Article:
Thursday, August 12, 2010

Uncovered: Heaviest Gold Coin Ever Found in Israel

As the 2010 archaeology season comes to an end, news of significant finds are beginning to trickle out. Just this week the discovery of a gold coin in Israel dating from about 200 BCE was found. It looks like this may be the heaviest coin ever discovered in Israel and may help to shed some light on the Ptolemaic rulers who controlled Syro-Palaistine during that period.

Coins are an important find for archaeologist. As with our own money, we can learn much about a people and their culture. The imagery and inscriptions on money indicates what a nation thinks about itself and its leaders.

The recently discovered coin features the image of a woman on the front believed to be Queen Arsinoe II Philadelphus. On the back are two overlapping cornucopiae. This combination of the Queen and cornucopiae might suggest that this woman's rule was recognized for providing economic abundance. The archaeologist suggests that the coin was not intended for general circulation, but was used as part of a festival honoring the queen. Queen Arsinoe was deified in her lifetime, so a special coin in her honor would make sense.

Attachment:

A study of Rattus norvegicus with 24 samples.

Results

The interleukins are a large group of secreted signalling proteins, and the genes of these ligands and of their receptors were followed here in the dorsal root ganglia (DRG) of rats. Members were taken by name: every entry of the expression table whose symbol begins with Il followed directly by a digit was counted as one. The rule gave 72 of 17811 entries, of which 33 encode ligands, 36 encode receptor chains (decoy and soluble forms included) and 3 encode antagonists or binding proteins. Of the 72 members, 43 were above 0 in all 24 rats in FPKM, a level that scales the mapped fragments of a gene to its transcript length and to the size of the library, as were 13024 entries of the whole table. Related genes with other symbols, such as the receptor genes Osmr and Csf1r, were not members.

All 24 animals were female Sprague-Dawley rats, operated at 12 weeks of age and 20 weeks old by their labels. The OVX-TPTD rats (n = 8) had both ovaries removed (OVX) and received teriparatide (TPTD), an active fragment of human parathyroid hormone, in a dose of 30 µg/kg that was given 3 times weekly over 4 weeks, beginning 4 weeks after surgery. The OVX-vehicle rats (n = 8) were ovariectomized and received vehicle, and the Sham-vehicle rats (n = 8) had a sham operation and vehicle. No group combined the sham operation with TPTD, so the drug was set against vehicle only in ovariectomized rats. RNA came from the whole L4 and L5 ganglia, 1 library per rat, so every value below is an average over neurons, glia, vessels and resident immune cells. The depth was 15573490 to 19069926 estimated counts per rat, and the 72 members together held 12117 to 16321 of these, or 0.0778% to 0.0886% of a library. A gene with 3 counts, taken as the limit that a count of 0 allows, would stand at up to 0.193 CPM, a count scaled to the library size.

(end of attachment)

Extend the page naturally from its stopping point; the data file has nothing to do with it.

This discovery is interesting in light of the spots we have be doing on women in the life of the apostle Paul. The deification and honoring of a woman, including the minting of a coin, demonstrates that there were powerful and respected women in antiquity. Granted, they were the minority, but we can add this to the numerous other examples of successful women in antiquity whose memory has been passed on to us by the ancients.


  1. John, an interesting post indeed. In your view is there a qualitative difference in the ancient world when it comes to deifying and honoring women as opposed to men? I suppose what I am asking is does the deification of men look different from the deification of women?

  2. Alan,

    That is a good question. I have not thought of it that way. I think women were deified less frequently when compared to men, but the deck was always stacked against them.In the case of this queen, it seems that her popularity and benevolence may have led to her becoming a god. Of course, she was still alive when this happened, so you wonder whose idea it was. A bit of the Caligula syndrome perhaps?